Industry News | August 1, 2019 | By:

By Paul Johnson 

Mermet Corporation was not content to create just any standard environmental stewardship program for the company. Instead, the Cowpens, S.C.-based innovative solar shade manufacturer went several steps further to create its Weaving Change initiative. The program is a broad-based movement that supports sound environmental textile manufacturing, resource conservation, environmental protection and charitable projects. But these projects and initiatives are not exclusively for Mermet; the company coordinates and supports these efforts with a variety of companies, organizations and individuals. 

“We want to create this movement,” says Colin Blackford, director of strategy and innovation at Mermet. “We don’t want this to be all about Mermet. Instead, we want this to be an industry thing and we want to populate this hashtag. We also want to pat people on the back and say you’re weaving change. It’s a way for us to highlight all the good deeds that we want to do at the company and all the philanthropic actions that Mermet takes.” 

With funding from Mermet, MS survivor Jason Hallmark joined the Climate Force: 2019 Arctic Expedition. During the 12-day expedition, he reported on the effects of climate change from the top of the world. Renowned polar explorer Robert Swan (left) and Hallmark (right) posed with the Mermet banner during the expedition. Photo: Trenton Branson.

Mermet, a subsidiary of Hunter Douglas, has instituted measures for positive environmental improvements. Many of the company’s leading solar textile products are based on recycled plastic products, so plastic is kept out of landfills and waterways. In addition, the company’s manufacturing methods have reduced carbon output and saved vital resources.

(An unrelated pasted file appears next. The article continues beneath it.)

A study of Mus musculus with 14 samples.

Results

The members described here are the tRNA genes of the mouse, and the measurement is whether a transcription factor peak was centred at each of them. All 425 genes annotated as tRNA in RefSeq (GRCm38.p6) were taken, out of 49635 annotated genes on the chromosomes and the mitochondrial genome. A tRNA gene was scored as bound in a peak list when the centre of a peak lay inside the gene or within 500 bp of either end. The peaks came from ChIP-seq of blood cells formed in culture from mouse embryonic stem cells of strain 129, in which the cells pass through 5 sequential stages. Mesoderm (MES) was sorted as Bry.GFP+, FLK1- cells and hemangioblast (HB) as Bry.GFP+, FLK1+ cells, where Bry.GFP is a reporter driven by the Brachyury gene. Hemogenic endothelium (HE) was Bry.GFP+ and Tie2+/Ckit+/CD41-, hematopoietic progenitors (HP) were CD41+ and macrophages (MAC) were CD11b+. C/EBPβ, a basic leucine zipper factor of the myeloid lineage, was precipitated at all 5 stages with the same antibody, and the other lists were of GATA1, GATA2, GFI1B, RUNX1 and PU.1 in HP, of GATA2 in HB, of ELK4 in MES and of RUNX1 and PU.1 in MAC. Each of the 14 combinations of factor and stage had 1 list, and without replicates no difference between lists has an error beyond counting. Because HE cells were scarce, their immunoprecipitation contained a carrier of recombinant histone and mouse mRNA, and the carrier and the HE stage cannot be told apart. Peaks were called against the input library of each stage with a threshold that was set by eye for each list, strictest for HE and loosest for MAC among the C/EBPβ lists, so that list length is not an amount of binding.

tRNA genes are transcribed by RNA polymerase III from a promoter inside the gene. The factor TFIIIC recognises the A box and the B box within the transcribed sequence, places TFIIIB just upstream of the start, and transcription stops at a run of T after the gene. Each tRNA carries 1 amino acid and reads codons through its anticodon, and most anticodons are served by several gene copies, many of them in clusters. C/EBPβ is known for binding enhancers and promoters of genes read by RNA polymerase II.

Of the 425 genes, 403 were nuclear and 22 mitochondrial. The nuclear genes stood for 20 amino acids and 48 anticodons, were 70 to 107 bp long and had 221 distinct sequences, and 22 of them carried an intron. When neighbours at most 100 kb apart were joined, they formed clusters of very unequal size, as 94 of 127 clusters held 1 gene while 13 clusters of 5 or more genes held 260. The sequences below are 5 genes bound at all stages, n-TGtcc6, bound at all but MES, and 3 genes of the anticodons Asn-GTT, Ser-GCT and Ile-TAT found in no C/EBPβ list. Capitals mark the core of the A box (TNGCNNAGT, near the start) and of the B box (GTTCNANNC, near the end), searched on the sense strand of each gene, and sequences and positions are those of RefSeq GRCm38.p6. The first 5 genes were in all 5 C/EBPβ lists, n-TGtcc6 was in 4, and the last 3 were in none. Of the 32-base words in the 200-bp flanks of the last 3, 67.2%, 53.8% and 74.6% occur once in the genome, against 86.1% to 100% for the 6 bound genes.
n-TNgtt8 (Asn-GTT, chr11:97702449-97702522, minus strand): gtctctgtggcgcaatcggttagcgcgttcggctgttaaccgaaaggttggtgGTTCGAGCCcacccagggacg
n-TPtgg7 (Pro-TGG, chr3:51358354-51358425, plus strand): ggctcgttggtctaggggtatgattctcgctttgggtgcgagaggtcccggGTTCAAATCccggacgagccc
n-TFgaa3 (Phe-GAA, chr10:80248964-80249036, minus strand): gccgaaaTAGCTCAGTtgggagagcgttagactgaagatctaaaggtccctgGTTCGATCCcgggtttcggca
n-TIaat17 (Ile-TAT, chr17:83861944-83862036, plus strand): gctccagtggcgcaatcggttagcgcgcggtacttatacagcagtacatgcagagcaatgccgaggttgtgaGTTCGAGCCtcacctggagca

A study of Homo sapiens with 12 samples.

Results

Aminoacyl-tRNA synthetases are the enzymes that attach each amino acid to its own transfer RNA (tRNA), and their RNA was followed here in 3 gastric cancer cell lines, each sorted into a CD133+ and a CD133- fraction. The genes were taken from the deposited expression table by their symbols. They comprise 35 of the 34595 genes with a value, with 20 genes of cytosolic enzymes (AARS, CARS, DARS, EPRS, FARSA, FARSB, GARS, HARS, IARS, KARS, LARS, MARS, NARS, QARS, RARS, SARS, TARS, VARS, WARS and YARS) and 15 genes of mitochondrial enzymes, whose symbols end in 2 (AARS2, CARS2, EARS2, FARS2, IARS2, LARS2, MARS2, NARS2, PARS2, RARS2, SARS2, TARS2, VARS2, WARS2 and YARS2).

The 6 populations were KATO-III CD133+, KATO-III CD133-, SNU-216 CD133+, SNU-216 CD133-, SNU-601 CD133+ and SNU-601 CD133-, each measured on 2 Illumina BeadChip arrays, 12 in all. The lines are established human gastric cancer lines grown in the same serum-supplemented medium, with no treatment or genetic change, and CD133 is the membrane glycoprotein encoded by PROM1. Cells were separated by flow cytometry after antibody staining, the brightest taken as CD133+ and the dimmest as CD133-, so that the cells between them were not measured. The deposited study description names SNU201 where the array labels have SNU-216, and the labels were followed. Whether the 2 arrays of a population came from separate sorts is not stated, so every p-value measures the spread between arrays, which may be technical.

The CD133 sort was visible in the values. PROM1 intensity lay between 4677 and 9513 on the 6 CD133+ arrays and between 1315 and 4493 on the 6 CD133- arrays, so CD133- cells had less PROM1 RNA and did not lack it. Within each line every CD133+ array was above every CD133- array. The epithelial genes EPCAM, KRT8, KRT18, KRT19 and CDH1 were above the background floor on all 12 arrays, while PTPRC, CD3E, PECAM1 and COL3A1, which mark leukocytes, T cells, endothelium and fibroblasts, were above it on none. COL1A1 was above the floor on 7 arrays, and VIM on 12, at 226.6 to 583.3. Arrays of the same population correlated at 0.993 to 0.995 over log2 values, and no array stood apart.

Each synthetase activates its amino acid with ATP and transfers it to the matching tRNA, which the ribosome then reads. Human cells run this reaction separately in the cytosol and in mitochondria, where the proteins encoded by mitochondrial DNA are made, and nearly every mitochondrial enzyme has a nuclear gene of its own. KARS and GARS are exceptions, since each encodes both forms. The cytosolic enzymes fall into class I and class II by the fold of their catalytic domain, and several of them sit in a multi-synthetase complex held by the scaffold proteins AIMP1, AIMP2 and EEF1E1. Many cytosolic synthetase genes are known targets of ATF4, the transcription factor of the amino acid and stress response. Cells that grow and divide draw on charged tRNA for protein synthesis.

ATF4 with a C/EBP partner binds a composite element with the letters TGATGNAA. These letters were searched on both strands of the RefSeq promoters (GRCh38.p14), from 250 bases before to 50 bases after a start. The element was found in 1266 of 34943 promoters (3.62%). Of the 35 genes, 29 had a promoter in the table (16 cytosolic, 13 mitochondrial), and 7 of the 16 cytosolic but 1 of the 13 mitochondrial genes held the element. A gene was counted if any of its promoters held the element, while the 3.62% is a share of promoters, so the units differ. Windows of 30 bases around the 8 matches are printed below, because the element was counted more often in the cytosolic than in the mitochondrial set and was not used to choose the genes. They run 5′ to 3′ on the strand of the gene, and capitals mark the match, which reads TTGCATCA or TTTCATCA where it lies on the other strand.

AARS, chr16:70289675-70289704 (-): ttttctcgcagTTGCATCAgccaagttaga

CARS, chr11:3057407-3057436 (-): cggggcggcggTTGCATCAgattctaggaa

As a polyester textile manufacturer, Mermet is addressing plastic pollution. Part of the Weaving Change movement is the U-Turn beach and river clean-up project, and its goal is to remove plastic waste from coastlines and waterway areas. While a U-Turn project has not taken place yet in the U.S., Mermet has made waterway restoration a priority. 

Developed in conjunction with many leading manufacturers, Mermet’s GreenScreen is an ecologically friendly and sustainable product that requires less energy to manufacture than competitive products. The Evolve and Revive solar screens are cradle-to-cradle Bronze-certified products, PVC-free and comply with the five quality categories—material health and reutilization, renewable energy and carbon management, water use efficiency and social fairness. 

Within the Weaving Change movement, Mermet has provided GreenScreen products to Habitat for Humanity, and has donated to Special Olympics. In addition, it has also supported individuals who are pursuing environmental stewardship goals. Recently, Mermet donated $10,000 to environmental activist Jason Hallmark. After a recent multiple sclerosis diagnosis, his goal was to focus on the most important issues in his life, so he teamed up with the Climate Force Foundation and traveled to the Arctic. During the expedition, he saw and reported on the impact of climate change on the polar icecap. 

According to a post on Hallmark’s Facebook page, “One way I plan to carry on my mission to promote sustainability and environmental stewardship is through my sponsorship with Mermet and its #WeavingChange movement. Since starting Weaving Change, Mermet has focused its efforts on charitable community work, protecting local ecology and making sustainable products. Moving forward I know we can Weave Change together and make the world a better place!”

Paul Johnson is a writer based in Minnesota.